I’m on three panels for this year’s Subjective Chaos Kind of Awards, which means nominees have dominated my reading this year. I’m making solid progress on Best Series, so time for a quick recap and a longer look at two of the nominees: Los Nefilim by Teresa Frohock and Girls of Paper and Fire by Natasha Ngan.
Subjective Chaos requires Best Series nominees to be complete series with an over-arching plot and shared characters; no shared world stories, and nothing in progress (although several authors have surprised us by adding to ‘complete’ series later on, as is their right and our pleasure).
As ever, I’m planning to read at least half of every series (and I’m choosing to reread The Expanse, because this is the excuse I’ve been looking for). As of today, I’ve read at least the first volume of everything except Noughts + Crosses (which will be the first read of my upcoming holiday); so this means I theoretically have at least 5 books left to read.
Current favourites are (to no regular reader’s surprise) The Expanse and Witchmark. I’ll be reviewing Witchmark during Wyrd & Wonder; today, I want to talk Los Nefilim and Girls of Paper and Fire.
Los Nefilim – Teresa Frohock
Gay angels fight Nazis in Barcelona is a helluva pitch, and I suspect my mistake in engaging with it is that – being a chronological sort of reader – I started with the prequel novellas rather than diving into the novels. The prequels are neither gay angels fighting Nazis, nor a particularly good introduction to Frohock’s world.
This is a ‘they live amongst us’ urban fantasy with a fabulous historical setting (Barcelona on the eve of the Spanish Civil War) that focuses on how the eternal war between angels and daimons is echoed by events in the human world. The magic system is based on music, which is both fabulous and ironically inconvenient as the protagonist has chromesthesia. Add a central gay relationship and contrasting healthy and unhealthy father/son relationships, and there’s a lot to like on principle… if it were better executed.
My problem with the prequels (In Midnight’s Silence, Without Light or Guide and The Second Death, available in a single volume bind-up as Los Nefilim) is that they feel underwritten and overambitious. Each novella has a novel’s worth of material squeezed into just 90 pages. In Midnight’s Silence is particularly rough, with far too much exposition and rather too little character and world-building, doing no favours to a plot that (nominally) tries to tackle delicate issues of social acceptance and sexual consent. It didn’t help that every female character was so predatory; or that protagonist Diago has more trauma shovelled into his history with each novella to lend tension to his character.
While the novellas improved as they built on each other (the three novellas forming three acts in a single narrative), I felt all three were rushed and needed to give plot, characters and world more room to breathe. I appreciated that the climax of Without Light Or Guide forced Diago to acknowledge and accept that he is loved, and to use the strength that brings him; I loved the growing relationship between Diago and his son. But overall, I was disappointed – although I can’t go past gay angels fight Nazis, so I’ll give the series one last chance and read the first novel.
Girls of Paper and Fire – Natasha Ngan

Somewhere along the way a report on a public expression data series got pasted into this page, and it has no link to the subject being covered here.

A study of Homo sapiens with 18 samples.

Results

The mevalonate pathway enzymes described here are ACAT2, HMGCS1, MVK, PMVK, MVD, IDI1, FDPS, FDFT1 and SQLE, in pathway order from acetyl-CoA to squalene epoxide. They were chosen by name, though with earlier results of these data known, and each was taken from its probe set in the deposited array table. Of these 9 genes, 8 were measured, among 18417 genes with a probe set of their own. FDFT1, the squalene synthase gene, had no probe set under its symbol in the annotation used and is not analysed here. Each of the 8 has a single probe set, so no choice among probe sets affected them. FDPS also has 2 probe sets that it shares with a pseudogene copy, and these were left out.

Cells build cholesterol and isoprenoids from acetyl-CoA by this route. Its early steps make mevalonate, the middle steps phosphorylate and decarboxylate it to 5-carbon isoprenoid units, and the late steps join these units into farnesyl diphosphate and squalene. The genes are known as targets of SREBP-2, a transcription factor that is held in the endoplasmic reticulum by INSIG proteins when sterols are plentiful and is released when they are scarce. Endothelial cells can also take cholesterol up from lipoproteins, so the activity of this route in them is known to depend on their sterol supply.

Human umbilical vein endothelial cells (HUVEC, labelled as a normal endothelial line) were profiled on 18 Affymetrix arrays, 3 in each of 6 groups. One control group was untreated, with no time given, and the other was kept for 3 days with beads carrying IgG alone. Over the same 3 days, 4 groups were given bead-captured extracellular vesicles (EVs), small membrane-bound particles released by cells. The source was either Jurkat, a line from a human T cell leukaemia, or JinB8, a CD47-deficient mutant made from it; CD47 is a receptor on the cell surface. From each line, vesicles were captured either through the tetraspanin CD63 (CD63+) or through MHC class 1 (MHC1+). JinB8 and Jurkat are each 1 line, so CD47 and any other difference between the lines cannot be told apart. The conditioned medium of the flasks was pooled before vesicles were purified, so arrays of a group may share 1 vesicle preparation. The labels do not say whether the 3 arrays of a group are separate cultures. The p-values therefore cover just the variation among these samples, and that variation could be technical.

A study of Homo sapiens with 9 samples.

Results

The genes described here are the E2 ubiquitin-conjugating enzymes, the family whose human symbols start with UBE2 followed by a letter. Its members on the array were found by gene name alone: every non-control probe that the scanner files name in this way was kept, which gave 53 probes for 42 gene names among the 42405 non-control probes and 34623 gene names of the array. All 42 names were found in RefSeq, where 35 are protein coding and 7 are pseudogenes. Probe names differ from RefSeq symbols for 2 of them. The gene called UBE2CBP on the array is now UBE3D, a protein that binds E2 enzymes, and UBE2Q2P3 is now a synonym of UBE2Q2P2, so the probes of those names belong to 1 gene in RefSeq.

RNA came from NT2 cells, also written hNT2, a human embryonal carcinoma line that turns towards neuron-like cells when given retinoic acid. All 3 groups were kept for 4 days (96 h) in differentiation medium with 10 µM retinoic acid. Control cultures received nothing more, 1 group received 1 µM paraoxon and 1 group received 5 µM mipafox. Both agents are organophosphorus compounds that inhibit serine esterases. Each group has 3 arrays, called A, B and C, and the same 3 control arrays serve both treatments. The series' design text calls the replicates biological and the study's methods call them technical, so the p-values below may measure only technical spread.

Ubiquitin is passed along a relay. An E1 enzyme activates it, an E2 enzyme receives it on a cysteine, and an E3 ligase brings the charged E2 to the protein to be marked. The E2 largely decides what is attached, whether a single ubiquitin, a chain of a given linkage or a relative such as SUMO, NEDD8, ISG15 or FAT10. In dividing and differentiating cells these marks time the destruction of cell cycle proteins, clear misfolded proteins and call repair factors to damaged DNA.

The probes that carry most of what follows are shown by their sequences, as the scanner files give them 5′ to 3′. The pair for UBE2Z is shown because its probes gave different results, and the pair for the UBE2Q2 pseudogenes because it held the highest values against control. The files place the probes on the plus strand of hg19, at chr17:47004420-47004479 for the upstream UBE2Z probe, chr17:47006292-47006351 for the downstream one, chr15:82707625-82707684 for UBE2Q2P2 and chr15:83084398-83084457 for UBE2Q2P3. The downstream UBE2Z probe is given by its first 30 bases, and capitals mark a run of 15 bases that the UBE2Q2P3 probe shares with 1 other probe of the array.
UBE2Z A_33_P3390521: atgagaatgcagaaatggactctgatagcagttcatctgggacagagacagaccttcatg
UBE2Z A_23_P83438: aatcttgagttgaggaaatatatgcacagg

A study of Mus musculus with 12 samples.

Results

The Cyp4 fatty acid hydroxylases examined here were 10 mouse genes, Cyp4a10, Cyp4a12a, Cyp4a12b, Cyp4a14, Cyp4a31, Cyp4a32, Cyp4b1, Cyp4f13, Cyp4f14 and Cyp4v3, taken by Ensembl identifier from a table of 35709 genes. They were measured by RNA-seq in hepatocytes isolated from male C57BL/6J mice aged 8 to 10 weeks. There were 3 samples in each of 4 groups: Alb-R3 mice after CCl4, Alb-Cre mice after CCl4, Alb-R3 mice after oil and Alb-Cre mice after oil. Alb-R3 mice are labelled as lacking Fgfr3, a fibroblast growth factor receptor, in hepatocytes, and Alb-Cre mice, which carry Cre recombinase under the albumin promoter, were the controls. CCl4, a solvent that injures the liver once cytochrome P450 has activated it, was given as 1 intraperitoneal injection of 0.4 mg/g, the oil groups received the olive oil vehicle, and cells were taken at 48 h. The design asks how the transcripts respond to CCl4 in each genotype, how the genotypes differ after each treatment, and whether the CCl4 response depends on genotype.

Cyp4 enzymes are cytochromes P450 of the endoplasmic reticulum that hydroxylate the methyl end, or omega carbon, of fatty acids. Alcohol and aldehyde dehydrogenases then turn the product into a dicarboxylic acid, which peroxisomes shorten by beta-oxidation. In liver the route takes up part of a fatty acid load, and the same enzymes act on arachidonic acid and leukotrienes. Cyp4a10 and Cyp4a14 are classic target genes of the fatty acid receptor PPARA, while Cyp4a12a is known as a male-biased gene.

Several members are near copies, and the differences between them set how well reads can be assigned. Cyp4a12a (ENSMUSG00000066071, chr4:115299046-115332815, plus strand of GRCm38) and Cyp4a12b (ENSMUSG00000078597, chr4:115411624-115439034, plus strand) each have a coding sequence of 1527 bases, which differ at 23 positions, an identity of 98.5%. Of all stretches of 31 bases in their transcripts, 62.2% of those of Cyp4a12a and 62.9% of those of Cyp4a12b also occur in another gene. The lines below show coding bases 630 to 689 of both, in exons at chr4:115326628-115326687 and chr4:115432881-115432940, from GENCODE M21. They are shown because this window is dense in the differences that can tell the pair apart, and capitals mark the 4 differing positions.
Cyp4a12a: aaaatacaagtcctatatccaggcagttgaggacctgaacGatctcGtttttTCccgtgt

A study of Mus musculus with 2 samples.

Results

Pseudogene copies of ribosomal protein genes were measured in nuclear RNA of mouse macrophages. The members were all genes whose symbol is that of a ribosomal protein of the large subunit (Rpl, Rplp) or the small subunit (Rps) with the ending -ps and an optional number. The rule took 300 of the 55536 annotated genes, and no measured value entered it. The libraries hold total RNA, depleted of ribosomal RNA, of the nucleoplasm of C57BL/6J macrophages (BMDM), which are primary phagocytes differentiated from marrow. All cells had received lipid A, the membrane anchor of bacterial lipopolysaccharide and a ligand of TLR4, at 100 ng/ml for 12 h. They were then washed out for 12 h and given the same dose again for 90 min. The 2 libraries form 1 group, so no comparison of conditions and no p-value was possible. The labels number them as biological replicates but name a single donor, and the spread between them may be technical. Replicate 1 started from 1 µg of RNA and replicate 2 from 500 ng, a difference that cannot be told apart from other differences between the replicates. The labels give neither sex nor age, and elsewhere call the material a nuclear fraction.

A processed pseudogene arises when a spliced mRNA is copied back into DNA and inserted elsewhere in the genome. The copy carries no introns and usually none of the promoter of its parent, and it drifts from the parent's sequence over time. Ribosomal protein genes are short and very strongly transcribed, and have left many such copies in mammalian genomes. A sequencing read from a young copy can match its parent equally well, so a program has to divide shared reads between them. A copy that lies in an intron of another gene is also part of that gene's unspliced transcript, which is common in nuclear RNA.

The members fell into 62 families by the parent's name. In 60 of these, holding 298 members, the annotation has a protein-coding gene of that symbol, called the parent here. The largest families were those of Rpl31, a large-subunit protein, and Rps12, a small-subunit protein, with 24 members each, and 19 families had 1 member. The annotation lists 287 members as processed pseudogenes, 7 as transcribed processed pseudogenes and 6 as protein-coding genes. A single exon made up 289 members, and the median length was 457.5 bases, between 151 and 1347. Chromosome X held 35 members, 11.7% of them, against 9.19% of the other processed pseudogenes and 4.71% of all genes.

On paper, this is the nominee I was going to hate: a YA fantasy of rebellion and romance from the perspective of a royal concubine. I approached it with trepidation, forewarned that it featured sexual assault and dismayed to discover the heroine is not like other girls (she has golden eyes), has lost her mother (YA does hate mothers) and has her dog killed in the opening chapter (because nothing says evil oppressor like pet murder).
In spite of the inauspicious start, I ended up admiring Girls of Paper and Fire for combining familiar tropes with difficult themes. Ngan builds her world around imperial aggression in a kingdom where your race (human, demon or mixed) determines your social caste. Humans – or Paper caste – are the lowest of the low, providing labour and sport for the ruling Moon caste; and each year, eight girls are taken to court to serve as the demon king’s concubines. Lei’s unusual golden eyes win her an unheard-of if unwanted ninth spot in this exclusive club, which she cannot decline without dooming her family.
This sets up a sumptuous court setting where Lei’s dismay – and dawning realisation that she is attracted to another girl (yes, the romance here is f/f) – contrast with the expectation that a Paper Girl will seek to impress the demon king and set herself up for life. Unlike most of her cohort, Lei is as badly prepared for life at court as she is reluctant to embrace it; but as each girl is summoned to the king’s bedchamber it becomes clear that appearances can be deceiving.
There are many familiar tropes – kindly mentors, a bully who is dealing badly with her own issues, a young cinnamon roll who must be protected, a warrior seeking to avenge their family, secret and deadly gifts – but in spite of her golden eyes, Lei is just a sweet, scared common girl with no hidden powers to help her deal with her fate. The result is a narrative that handles its brutal themes of surviving racism and sexual assault with surprising sensitivity; where both love and resistance take many forms (including, of course, love as a form of resistance) and strength can only be found within oneself.
Whilst Girls of Paper and Fire still isn’t entirely my cup of tea, I heartily recommend it – although with caution, given the subject matter.
Next time, on Subjectively Speaking: an SF or a novella round-up, depending what I get to first!